When lines are drawn
The counterintelligence system I maintain to assist me inthese effusions has kept me well informed on the recent flare-up of fence trouble in Vermont. Robert Frost, who was not a Vermonter at that time, offered that good fences make good neighbors, but we of the venerable Association of New England Fence Viewers prefer the corollary, that good neighbors make good fences. There is nothing more absurb than for two neighbors to dwell together in dispute, and while they, themselves, are never amused, the average line-fence hassle is hilarious to everybody else. When I was a fence viewr, some time ago now, I was never called upon to officiate, but I did look over the statutes made and provided, and It interested me that Maine's chapter of laws about joint property lines was longer than the chapter on public utilities. Along with the annotations and references to court decisions, there was a lot to read.
This Vermont matter involves Messrs. Marsh, Reed, and Wade, Fence Viewers of the sovereign town of Shaftsbury, and Neighbors Resch and Peters. Farmer Peters keeps a herd of milkers, and employs a gentleman cow as consort. Lately Mrs. Resch looked out her window and found the Peters cattle in her field. She noticed she was surrounded, bull and all. According to my report, she then notified the police, which calls to mind a certain quotation:
When constabularly duty's to be done, The policeman's lot is not a happy one.
Trooper Robert Vargo responded, and role all over the filed in his police cruiser, herding the beasts across the line and back onto the Peters proppity. Peters was brought before the Deestrick Court forthwith and then the fun began.
Well, the court is not a fence viewer. Peters said his cows ran loose because his neighbors didn't mend their walls. They said Peters didn't fence at all. So the fence viewers aforesaid appeared, looked the property line over, and explained something that was well established long, long ago: that a line fence is a joint responsibility and that Peters and Resch are equally responsible for putting up a fence between them. Oh, yes. That's where matters stood at my latest information, and perhaps by the time Mr. Resch pays for his share he may wish he had known this provision earlier.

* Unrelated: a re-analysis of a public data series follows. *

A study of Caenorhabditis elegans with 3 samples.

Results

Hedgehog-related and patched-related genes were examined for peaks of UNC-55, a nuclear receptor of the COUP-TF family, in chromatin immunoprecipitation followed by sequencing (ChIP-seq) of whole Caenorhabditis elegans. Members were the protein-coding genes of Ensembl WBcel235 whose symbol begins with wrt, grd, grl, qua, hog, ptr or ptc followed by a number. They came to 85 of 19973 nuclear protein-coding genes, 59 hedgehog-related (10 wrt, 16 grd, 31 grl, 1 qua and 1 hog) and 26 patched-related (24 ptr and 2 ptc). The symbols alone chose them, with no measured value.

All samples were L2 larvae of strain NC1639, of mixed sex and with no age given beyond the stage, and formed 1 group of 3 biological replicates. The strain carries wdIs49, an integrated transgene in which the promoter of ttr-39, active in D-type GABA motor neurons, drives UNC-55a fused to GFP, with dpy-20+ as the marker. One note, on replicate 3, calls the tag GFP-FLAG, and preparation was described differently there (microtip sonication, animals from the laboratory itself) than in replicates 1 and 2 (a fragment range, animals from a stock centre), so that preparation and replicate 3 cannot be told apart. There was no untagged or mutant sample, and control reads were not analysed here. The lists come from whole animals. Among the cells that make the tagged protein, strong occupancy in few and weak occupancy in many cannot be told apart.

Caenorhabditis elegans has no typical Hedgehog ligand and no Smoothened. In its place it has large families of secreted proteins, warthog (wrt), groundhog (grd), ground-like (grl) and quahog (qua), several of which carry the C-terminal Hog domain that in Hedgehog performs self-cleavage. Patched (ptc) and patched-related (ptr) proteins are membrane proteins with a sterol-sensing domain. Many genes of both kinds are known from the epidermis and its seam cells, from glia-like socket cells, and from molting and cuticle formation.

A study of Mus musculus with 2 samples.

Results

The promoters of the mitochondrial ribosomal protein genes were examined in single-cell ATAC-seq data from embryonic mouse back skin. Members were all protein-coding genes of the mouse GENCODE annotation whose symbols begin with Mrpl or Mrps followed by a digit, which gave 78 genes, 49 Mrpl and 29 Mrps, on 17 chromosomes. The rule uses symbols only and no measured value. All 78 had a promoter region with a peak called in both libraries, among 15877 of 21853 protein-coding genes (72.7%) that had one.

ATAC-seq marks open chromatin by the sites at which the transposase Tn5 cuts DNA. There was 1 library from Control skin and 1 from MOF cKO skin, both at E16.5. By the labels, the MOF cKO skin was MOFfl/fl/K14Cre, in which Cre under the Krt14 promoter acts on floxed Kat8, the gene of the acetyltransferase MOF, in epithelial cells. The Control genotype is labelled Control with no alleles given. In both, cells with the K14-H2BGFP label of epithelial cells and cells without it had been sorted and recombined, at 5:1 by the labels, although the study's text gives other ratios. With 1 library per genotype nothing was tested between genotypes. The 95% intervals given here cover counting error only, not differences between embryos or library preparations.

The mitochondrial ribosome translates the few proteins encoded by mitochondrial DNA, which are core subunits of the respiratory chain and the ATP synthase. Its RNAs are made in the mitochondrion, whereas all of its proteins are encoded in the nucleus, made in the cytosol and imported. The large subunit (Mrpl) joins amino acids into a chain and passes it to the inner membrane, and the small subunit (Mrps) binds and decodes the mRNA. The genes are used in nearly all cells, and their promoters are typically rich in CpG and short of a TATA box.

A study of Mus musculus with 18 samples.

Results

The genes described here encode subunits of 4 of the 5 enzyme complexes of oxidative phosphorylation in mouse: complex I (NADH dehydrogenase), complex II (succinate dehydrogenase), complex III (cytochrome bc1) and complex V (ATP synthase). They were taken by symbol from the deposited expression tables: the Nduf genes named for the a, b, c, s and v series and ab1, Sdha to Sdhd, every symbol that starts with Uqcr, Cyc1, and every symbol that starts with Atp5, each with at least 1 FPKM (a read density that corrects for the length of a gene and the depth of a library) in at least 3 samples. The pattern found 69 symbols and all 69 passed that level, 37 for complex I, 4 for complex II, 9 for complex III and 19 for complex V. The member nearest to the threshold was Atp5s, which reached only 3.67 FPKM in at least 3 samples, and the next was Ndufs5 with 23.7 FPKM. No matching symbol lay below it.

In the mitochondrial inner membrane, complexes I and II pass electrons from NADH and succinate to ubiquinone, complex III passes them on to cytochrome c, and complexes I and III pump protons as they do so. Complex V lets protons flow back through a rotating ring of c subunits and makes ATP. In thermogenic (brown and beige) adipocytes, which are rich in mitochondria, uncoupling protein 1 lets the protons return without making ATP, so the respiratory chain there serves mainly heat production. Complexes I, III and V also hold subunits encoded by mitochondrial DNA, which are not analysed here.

Fence viewers aren't concerned with property lines; they are not surveyors. They are not interested in wandering cattle, or in damage done by them. Their purpose is to decide a fair division of the line-fence responsibility, and back when the country was new and fences were first going up, they were mighty important. Suppose you have a property line that starts at the road, runs through some open fields, and then goes into the woods. Since fence posts are more easily come by in the woods, it would not be fair to divide the building of the fence 50-50 as to distance. The man who is going to have his fence posts close by should do a longer stretch. So the fence viewers will cogitate, and decide on a 40-60 division. This goes on record, and will stay on record until the fence viewers come back some day to revise the matter. My guess would be that Messrs. Peters and Resch have not bothered to research the original viewing of probably 150 years ago.
Fence lore is engaging. One time a judge had to decide on leaning. The two neighbors met at their line fence, and as they chatted one of them leaned against the fence. It gave way and he fell, sustaining -- he alleged -- injuries. Inasmuch, as he was then leaning on that part of the line fence which was the responsibility of the other man, he filed. The judge, no doubt repressing a smile, seriously decided that leaning is normal and expectable use of a fence, and that fences must be constructed strong enough to sustain an average lean. Judgment for the plaintiff.
The snake fence, or rail fence, became known as a Virginia fence, and the term was used by our Maine sea captains for tacking. The fence, made of long poles laid up in a zig-zag fashion, goes back and forth as it goes along. So when tacking into an unpropitious wind, sailing all day and going nowhere, the skipper would put in the log, ". . .made Virginia fence today." Since a joint property line rightly has but one dimension -- length -- the question of how long the logs might be in a Virginia fence became moot, and a couple of neighbors once fought about it. Again, the judge went along, and decided the "line" has got to be wide enough to accommodate the fence and the trespass required to fix it. These are good things to know, even in Vermont.